Sine Wave Synthesis Part 1 - Theory and Simulation


The Objective of this Technology Primer

The objective of this technology primer is to provide you with a basic understanding of the principles of Pulse Code Modulation (PCM). The intention is that this will be a preamble to the Android development tutorials that look at producing synthesized sounds and as such the focus here will be on PCM as applied high fidelity audio recording. However, the terminology explained in tutorial applies to all forms of PCM.

An Introduction to Pulse Code Modulation

Pulse Code Modulation or PCM is quite simply a method by which analogue signals are digitized prior to transmission or storage. It has its origins in the early part of the 20th Century and first implemented in the some specialist military systems during and just after the Second World War.  Through the 1950’s and 1960’s, PCM was developed for use in telecommunication systems and the results of this work can still be found in the basic building blocks for PDH and SDH transmission systems.

The diagram below illustrates the basic principles of PCM.

A sinewave with PCM

Figure 1. A digitized sine wave

Here a sine wave is to be represented by a series of digital value measured periodically over time. In this example the analogue value of the wave is represented by a 4 bit binary code that provides 16 levels. The scheme in this example has a but depth of 4.

Each sample is taken every time period ’t’. The time period must also be uniform. In the above example, the analogue level of the signal may fall between two digital levels when the sample is taken and must be rounded or truncated. This leads to what is called a quantization error. Another factor that affects the accuracy of the resultant digital signal is the number of samples that are taken in any time period. The analogue signal may change in amplitude between samples and this information is simply lost in the digitized signal. We use the term fidelity when comparing the digital signal, to the original. The higher the fidelity the closer the signal is the original. We can increase the fidelity of the digitised signal by increasing the number of quantization levels and the number of samples we take in any time period. The number of sample taken in any time period is called the sample rate and is 1/(sample period).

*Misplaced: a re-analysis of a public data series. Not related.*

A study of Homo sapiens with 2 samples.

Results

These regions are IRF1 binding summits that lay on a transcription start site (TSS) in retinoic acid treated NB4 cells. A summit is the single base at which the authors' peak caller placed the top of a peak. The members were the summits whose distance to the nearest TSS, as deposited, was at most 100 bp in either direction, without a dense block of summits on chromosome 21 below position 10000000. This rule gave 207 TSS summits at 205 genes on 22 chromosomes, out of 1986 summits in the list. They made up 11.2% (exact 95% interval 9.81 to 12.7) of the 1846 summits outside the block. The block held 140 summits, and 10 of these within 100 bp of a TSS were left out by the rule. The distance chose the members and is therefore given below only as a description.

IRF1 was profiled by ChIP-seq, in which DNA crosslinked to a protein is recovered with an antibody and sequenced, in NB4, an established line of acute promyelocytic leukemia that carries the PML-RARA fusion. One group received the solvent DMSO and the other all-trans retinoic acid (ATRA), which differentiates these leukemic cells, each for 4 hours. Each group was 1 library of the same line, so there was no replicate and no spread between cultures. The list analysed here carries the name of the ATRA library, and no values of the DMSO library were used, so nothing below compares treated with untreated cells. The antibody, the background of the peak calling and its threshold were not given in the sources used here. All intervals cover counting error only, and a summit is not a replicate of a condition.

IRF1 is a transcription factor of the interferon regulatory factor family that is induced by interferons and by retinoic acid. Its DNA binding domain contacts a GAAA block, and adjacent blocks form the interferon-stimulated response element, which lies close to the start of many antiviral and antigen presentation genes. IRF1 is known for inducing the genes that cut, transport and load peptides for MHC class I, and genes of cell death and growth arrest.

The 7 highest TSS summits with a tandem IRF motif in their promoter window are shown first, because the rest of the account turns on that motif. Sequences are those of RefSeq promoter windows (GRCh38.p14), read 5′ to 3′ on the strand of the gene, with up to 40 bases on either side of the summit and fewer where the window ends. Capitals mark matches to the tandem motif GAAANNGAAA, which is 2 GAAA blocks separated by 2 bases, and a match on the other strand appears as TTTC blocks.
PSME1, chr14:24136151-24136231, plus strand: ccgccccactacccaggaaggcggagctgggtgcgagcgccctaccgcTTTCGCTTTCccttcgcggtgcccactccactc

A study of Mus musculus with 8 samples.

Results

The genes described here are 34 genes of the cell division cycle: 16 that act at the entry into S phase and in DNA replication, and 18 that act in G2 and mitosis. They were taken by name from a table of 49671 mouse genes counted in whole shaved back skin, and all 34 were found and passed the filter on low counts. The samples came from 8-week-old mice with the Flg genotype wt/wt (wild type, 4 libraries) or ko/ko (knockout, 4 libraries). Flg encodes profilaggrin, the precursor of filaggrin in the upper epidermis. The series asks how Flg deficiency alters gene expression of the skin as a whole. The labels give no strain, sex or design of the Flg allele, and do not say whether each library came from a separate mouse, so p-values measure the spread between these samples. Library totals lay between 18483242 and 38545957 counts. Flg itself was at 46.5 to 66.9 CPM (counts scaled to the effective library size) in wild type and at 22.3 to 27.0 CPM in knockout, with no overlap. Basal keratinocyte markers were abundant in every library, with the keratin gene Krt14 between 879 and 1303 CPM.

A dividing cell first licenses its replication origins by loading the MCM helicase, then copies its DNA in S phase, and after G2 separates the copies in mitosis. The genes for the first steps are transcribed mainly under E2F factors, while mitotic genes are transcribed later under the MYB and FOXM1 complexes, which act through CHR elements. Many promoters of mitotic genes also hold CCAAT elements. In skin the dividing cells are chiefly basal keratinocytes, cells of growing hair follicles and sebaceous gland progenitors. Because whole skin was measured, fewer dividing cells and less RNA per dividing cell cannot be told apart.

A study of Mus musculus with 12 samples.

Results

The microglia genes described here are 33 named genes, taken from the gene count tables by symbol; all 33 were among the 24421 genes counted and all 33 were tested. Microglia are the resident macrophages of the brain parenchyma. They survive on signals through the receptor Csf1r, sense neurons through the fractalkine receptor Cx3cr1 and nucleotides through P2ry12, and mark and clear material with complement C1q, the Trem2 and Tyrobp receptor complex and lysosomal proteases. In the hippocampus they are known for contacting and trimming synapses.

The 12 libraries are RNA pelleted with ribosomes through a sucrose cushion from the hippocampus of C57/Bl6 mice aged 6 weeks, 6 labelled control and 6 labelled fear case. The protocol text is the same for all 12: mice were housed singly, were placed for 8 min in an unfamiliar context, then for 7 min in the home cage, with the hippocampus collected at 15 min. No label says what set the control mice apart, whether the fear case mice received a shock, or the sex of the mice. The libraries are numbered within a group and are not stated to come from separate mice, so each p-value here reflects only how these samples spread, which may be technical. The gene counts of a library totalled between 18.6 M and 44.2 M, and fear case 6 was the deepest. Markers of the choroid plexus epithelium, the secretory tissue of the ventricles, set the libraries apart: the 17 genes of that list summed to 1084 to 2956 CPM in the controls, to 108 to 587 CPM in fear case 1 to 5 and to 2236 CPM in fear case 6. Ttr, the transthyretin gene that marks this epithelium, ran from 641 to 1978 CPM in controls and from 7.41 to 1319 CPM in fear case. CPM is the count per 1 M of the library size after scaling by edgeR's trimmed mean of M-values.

So far we have only discussed linear PCM schemes where the spacing between quantization schemes is even. For PCM transmission in telecommunication this may not be the case. Non-linear techniques called companding may be applied. Companding is not covered in this primer, but there are two incompatible schemes widely use globally. They are called μ-law and a-law. μ-law is used where T1 systems are used and a-law where E1 system are used. It’s also important to point out that the PCM schemes discussed here do not compress the signal in any. Compression can reduce transmission bandwidth and storage space, but come at the expense of quality and processing power. PCM schemes that do no used companding are called Linear PCM schemes or LPCM.

The bit depth and sample rate used for any particular scheme is chosen based on the following factors:

The Nyquist Rate

We set the sample rate to at least the twice the highest frequency we need to sample. This is referred to as the Nyquist rate. The electronic engineer Harry Nyquist proposed that the maximum frequency that can be captured by sampling is half the sampling rate (Nyquist rate) and is referred to as the Nyquist frequency. Frequencies above the Nyquist frequency are lost and not be present within the recovered signal. This helps to explain why specific sample rates are chosen. For voice transmission in telecommunication systems, 8 KHz is used as the sampling rate. The frequency range for human speech is approximately 300 Hz to 3400 Hz. If we set the sample rate at least twice the highest frequency then 8 KHz is a good round value to choose. If we turn our attention to the digitization of music then we must allow for the full range of human hearing. The range of human hearing is generally understood to be between 20 Hz to 20 KHz. The sampling rate for CD audio is 44.1 KHz.

So why 44.1 KHz and not 40 KHz? I do not propose to go through the details here, but in the early days of CD recording existing video equipment was adapted to store the audio data. 44.1 KHz happened to be the one value that would allow the same equipment to store both PAL and NTSC video. There are other high fidelity audio PCM schemes that use different sampling rates, but 44.1 KHz is the rate adopted for CD audio.

What we have not discussed as yet is the bit depth for audio recording. The PCM scheme for audio CD has a bit depth of 16, giving us a total of quantization 65536 values. Audio CD is an uncompressed Linear PCM scheme.

Waveform Audio File Format (.WAV) and Audio Interchange File Format (AIFF) are two file formats that use 16 bit linear quantization with a sampling rate of 44.1 KHz to store digital audio data. Therefore, CD audio and sounds file data in a .WAV or .AIFF  requires no conversion or re-sampling when interchanging data between them.


If we turn our focus to Android application development then it is easy to understand why we use a 16bit bit depth and a sample rate of 44.1 KHz when programming.

On one final point, if you look at the diagram in figure 1, the sine wave starts at the middle of the quantization range. Conceptually, we perceive a sine wave to be an Alternating Current signal with and average value of zero, particularly when the signal is converted back to analogue form to produce sound via the audio output. Therefore, we often represented the quantization level using a signed integer with values from -32767 to +32767 rather than 0 to 65536.

For those interested in Android application development, there is a set of tutorials in which you can build project for synthesizing a sine wave using PCM.